An Impoverished Discussion About Poverty
Obama's tired bromides dominated a Georgetown panel on the poor.
Barack Obama was the featured speaker in a forum on poverty at Georgetown University this week, and, predictably, he clearly demonstrated his fractured socio-economic worldview. Georgetown, one of the most expensive universities in the country, settled nicely in one of the nation’s richest neighborhoods, seemed an ironic venue for this conversation, but it certainly set the tone for the day.
The Catholic-Evangelical Leadership Summit on Overcoming Poverty, which took place on Tuesday, was moderated by Washington Post columnist and Georgetown politics professor E.J. Dionne and also featured Harvard public policy professor Robert Putnam and American Enterprise Institute President Arthur Brooks, who was apparently brought on board as the token conservative. Brooks even joked, “I’m more outnumbered than [at] my Thanksgiving table in Seattle.”
On the surface, the forum was meant to be an open discussion about the causes of poverty in America, but it was really just an opportunity to further express the leftist worldview of victimization and class warfare. Obama’s remarks, Dionne’s sycophantic moderating and Putnam’s continued affirmation of failed statist policies were a perfect demonstration of how limousine liberals feign concern for the poor without actually making the hard choices necessary to effectively alleviate poverty.
Obama led the narrative by blaming the free-market system for allowing the wealthy to isolate themselves from the poor. “Those who are doing better and better — more skilled, more educated, luckier, having greater advantages — are withdrawing from the commons,” he complained, “commons” being his word for the unwashed masses. “Kids start going to private schools, kids start working out at private clubs instead of public parks, an anti-government ideology then disinvests from those common goods and those things that draw us together.”
Let’s leave aside for a moment his injection of the concept of luck, which he did frequently in his remarks, and focus on the isolation idea. According to Obama, there is not enough intermingling between the rich and the hoi polloi.
To hear Obama tell it, we should engage in a new era of busing rich kids to poor neighborhoods so they can be closer to the “unluckier” people. He points the finger at some vague anti-government mindset, even getting a laugh at one point about people who read Ayn Rand. But in reality, what he didn’t address is that the reason many people, and not just the rich, seek out private schools for their children is because the public school system is a shambles made worse by decades of failed leftist policies. Teachers unions put more care into employees than students, and education and infrastructure have suffered greatly because of it. As for public parks and venues, particularly in the urban areas of such Democrat strongholds as Baltimore, Ferguson and Chicago, these places can often become a haven for gangs and drugs, to which parents don’t want their kids exposed.
Obama went on to complain about “the effort to suggest that the poor are sponges, leeches, don’t want to work, are lazy, are undeserving.” Obama called out Fox News for supposedly always digging up these sorts of people to make a political point. “They will find folks to make me mad,” he said. As is his style, however, Obama doesn’t identify specifically who these people are; he is simply creating a straw man to accuse of something phony so he can look like the bigger man offering a better solution.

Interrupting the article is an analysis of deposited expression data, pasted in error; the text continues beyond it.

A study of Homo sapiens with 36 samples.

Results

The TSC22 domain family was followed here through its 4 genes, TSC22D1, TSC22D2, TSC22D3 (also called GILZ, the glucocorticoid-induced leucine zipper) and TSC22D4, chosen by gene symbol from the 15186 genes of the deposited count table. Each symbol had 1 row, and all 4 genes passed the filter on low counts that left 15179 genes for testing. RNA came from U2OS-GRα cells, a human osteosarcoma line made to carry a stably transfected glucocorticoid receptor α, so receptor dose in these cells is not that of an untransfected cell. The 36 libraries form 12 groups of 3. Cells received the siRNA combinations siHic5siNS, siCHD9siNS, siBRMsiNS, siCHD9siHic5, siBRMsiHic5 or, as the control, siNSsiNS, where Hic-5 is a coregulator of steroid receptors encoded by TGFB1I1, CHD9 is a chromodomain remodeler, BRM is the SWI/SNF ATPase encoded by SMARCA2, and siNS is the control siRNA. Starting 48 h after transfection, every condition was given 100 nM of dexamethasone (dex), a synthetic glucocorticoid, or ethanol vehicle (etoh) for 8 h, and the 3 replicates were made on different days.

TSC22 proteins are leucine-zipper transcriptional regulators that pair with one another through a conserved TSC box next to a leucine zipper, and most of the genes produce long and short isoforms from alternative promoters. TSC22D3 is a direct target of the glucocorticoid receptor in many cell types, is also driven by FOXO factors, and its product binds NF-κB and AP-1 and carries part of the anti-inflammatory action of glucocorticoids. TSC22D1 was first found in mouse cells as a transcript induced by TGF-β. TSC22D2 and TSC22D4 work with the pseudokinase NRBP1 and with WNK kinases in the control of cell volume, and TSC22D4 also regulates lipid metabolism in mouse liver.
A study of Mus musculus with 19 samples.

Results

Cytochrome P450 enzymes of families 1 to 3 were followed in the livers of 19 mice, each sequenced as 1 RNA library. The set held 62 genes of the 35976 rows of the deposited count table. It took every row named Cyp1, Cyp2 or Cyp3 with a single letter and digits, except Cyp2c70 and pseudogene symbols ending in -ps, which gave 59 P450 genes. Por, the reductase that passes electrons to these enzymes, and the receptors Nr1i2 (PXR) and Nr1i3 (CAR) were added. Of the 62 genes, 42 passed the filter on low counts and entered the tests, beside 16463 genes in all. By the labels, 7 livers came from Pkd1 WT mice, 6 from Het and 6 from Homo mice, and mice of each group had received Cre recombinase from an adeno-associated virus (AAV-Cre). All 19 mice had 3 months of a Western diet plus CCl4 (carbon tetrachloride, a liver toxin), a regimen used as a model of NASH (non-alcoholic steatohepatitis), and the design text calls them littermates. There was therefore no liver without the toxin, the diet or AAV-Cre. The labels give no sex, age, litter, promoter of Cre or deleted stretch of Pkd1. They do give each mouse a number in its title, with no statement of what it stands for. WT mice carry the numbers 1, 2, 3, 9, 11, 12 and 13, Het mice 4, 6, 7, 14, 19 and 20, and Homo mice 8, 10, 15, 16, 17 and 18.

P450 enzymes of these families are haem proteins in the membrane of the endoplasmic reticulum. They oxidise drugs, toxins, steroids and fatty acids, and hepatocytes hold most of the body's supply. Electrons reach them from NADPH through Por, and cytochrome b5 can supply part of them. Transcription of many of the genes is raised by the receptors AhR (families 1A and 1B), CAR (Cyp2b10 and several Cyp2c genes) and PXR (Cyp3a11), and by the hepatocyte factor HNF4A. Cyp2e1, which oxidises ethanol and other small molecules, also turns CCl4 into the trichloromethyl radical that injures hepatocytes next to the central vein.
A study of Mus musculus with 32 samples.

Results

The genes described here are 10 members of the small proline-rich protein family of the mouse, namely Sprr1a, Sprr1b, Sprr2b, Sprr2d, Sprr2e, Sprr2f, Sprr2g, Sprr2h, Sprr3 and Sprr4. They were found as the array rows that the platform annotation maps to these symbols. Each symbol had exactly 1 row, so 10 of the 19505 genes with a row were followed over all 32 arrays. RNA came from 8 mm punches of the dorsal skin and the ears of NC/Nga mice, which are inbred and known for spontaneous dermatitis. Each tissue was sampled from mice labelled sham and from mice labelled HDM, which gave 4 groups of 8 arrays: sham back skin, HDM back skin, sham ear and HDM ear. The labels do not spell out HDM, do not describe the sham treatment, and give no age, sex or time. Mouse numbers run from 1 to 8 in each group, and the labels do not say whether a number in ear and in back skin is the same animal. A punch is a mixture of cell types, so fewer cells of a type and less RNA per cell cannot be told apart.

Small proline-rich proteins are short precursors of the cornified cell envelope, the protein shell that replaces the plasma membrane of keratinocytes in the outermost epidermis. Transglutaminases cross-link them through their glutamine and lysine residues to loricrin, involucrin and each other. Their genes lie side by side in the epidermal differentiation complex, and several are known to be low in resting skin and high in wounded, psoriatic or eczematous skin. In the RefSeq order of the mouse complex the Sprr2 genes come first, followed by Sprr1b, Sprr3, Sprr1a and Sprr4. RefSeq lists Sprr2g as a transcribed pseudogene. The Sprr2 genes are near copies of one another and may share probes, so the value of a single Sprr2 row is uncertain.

And Obama made sure to also place blame on House Speaker John Boehner and Senate Majority Leader Mitch McConnell, suggesting they were not paying attention to the issue. What good is any talk about poverty if you don’t blame evil Republicans, right? Brooks took a moment to rebut that tactic, though.
“[McConnell and Boehner] care a lot about this,” Brooks said. “And they care a lot about both culture and economics, and they care a lot about poverty. And, again, we have to be really careful not to impugn their motives, and impugning motives on the other side is the number one barrier against making progress.” Kudos for the courage to say that to Obama’s face.
Obama called for more investment in education and infrastructure to help solve the problem. Just how much more money needs to be spent? Since Lyndon Johnson declared war on poverty more than 50 years ago, government has made $22 trillion in “investments” (read: income redistribution) to lift people out of poverty. Maybe it’s not about the money, but the deeper issue of taking from the haves because they don’t deserve to be so “lucky.”
“The top 25 hedge fund managers made more than all of the kindergarten teachers in the country,” Obama complained. “You pretty much have more than you’ll ever be able to use [and] your family will ever be able to use. There’s a fairness issue involved here. And if we can’t ask from society’s lottery winners to just make that modest investment, then really this conversation [on poverty] is for show.”
Well, it was for show, but not for that reason. The forum did not advance any ideas that leftists haven’t bitterly clung to for decades. They believe the rich got that way by luck, not hard work, and the poor got that way because of their race or their geographic location They say the poor are held down by people who vote Republican and watch Fox News. And yet leftists ignore that it’s their own policies and their own self-serving views that have perpetuated the problem.